Rocio Sanchez (front row) has been a fruit vendor for the last 10 years. She was one of six vendors whose carts and businesses were affected by the I-10 Freeway fire. (Photo courtesy of Rocio Sanchez)
Rocio Sanchez, a single mother of two, has been selling fresh watermelon, mango and pineapple from her street carts in Los Angeles for the last decade.
Sanchez said she is one of a group of six fruit cart vendors affected by the recent 10 Freeway fire in downtown L.A.
Officials said the massive Nov. 11 fire that led to a mile-long stretch of the 10 Freeway shutdown was caused by arson. Authorities released photos and a description of a man they say is connected with the fire that started in a downtown pallet yard.
After emergency federal funding was granted for round-the-clock repair work, the lanes were fully reopened last Monday, Nov. 20, in time for the Thanksgiving holiday rush.
Many local businesses affected by the fire and resulting repair work expressed concerns about the loss of income for employees, construction-related traffic, and an overall lack of customers not wanting to visit the congested, burned and damaged area.
The fruit cart vendors, all immigrant workers from Guatemala and Mexico, conducted business across from where the pallet yard first caught fire. Sanchez said their carts were stored in an airspace lease space on Lawrence Street and East Olympic Boulevard, underneath the blackened overpass in downtown L.A.
As immigrant workers from Guatemala and Mexico, Sanchez said she and the other vendors were “heartbroken” to see their carts “up in flames.” On that morning of the fire, they searched through the ash and rubble to find anything that could be salvaged.
“It really shocked me to see everything that had been burned. When they called me I didn’t believe it — I thought that it was a prank from my colleagues, but once I got there, I was shocked it was true,” Sanchez said in Spanish. “All of us were walking around the site, not knowing what to do. Some were trying to see if any of the carts had been spared or worked. We were all walking around trying to see what we could salvage. We didn’t talk to one another, we were in our own worlds trying to figure out what could be done or saved.”
At the site under the freeway, Sanchez recalled the smell of burnt rubber and smoke. She said her throat had been hurting ever since.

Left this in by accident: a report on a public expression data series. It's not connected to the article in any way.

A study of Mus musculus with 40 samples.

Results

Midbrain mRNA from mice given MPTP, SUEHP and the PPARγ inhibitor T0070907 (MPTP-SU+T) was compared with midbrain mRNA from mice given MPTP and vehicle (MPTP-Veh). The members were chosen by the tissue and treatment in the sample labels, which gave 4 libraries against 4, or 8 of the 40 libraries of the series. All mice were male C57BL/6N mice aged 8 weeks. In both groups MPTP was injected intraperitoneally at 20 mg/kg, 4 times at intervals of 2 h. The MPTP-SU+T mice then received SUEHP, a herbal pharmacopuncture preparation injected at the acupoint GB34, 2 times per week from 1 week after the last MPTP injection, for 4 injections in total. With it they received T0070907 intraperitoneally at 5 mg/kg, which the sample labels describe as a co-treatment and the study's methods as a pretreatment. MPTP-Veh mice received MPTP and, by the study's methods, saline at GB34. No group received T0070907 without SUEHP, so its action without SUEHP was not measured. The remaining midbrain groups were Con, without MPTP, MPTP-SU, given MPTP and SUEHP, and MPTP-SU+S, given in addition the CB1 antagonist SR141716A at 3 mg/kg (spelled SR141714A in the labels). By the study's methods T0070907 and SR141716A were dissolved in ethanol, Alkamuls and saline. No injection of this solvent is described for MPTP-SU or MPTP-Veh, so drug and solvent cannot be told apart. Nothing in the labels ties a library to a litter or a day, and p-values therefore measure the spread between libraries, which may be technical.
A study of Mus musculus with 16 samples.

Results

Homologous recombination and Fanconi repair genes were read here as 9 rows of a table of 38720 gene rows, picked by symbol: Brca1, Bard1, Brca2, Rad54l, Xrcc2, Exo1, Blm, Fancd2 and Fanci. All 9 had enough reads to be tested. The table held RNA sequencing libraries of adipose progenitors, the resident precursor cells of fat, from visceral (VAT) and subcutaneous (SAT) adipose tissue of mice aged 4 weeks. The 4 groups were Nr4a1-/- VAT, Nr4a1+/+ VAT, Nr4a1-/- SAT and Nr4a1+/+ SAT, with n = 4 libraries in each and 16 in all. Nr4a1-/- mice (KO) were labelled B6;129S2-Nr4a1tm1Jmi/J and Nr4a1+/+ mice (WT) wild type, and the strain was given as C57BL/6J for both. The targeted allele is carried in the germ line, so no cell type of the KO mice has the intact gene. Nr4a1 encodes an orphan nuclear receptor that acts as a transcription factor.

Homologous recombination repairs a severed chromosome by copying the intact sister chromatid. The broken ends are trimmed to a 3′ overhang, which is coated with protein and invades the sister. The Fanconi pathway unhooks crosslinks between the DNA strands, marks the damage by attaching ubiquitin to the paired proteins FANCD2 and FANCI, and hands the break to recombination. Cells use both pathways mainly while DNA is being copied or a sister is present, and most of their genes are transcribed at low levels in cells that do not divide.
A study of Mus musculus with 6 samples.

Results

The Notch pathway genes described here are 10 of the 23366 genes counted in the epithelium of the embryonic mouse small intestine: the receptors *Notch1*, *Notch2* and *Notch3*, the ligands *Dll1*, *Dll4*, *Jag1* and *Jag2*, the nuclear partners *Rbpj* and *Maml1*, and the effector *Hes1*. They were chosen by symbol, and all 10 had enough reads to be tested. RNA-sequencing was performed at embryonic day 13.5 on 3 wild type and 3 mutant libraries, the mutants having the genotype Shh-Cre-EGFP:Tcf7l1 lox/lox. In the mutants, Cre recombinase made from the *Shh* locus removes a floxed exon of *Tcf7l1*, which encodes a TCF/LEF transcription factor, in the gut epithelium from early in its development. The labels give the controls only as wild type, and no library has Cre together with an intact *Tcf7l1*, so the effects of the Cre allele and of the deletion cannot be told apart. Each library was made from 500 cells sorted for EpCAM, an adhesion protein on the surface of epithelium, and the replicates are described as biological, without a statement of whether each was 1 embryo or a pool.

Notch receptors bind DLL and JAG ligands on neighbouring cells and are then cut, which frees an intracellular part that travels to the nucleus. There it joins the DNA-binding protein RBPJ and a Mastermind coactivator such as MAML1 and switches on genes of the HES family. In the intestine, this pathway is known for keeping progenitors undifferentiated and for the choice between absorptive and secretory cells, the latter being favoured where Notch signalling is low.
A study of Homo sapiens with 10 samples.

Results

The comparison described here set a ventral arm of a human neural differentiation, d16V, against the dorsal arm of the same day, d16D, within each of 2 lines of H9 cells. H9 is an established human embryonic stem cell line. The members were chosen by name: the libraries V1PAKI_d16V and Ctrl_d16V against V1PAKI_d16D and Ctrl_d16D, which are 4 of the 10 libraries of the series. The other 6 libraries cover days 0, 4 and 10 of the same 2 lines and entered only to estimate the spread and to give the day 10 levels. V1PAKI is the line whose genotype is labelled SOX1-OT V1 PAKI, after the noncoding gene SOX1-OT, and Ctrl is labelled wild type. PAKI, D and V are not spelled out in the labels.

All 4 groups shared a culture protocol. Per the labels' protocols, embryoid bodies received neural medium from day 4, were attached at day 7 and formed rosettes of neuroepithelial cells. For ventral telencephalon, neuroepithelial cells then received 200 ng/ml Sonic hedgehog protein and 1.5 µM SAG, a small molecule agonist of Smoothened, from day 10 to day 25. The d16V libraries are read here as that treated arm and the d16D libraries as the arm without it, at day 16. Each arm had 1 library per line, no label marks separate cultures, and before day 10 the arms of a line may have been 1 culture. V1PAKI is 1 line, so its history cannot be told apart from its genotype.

“One of my kids asked me, ‘Mom, what are we going to do?’ I didn’t know how to respond.”
Sanchez said that she is now getting her multiple fruit carts repaired, but there is a lot to the process.
“I’m going to have to invest about $2,800 to $3,000 to fix them,” Sanchez said. “It’s money that one doesn’t think about having to spend, especially with the upcoming holidays and rainy season coming soon, there is going to be less work for us as well. Work starts slowing down around this time, and then this — the fire — happens. It’s very unfortunate.”
A communal GoFundMe was started a few days after the fire with a goal of $15,000, which Sanchez said would be split among the six fruit vendors. As of Nov. 24, donations have reached just under $6,000.
“It already feels hard to ask for help, but we’re so grateful to the people that are donating,” Sanchez said. “We are not doing this in bad faith — quite the opposite. We’re extremely grateful for everyone who is even making a small donation to help us out; it’s a big help. I’m very grateful for everyone’s compassion.”
Sanchez expressed her thanks to the small business community during the Thanksgiving holiday weekend. She was grateful that the place where her carts are getting fixed, and the worker repairing the carts’ lining banners, told her to pay them back when she has work again.
“With the I-10 opening again, it’ll be easier to get back to work as well.”
Sanchez said she felt the need to share her story because she has children “that I need to go back to work for.”
The street vendors are all looking for different places where they can legally and safely store their carts. Sanchez said that having to pay a deposit, and eventually rent, would be “difficult and too expensive” for even one of the vendors to do it on their own, so they plan to stick together to find a new place to store everything.
While there are some L.A. city grants and emergency aid available for businesses affected by the fire, Sanchez said it was “unclear” if street vendors would be able to take advantage.
Los Angeles Emergency Management Department spokesperson Joseph Riser said that vendors who suffered damages under $10,000, due to the fire or freeway closure, should complete a Caltrans Claims Form at dot.ca.gov.
Caltrans District 7 also has a representative on-site at the L.A. Business Assistance Resource Center, located at Young’s Market Company, Riser said. The city also has over 20 buisness assitance related resources, including legal aid, grant and loan application assistance.
For more information, visit dot.ca.gov or call Caltrans at (213) 897-0816.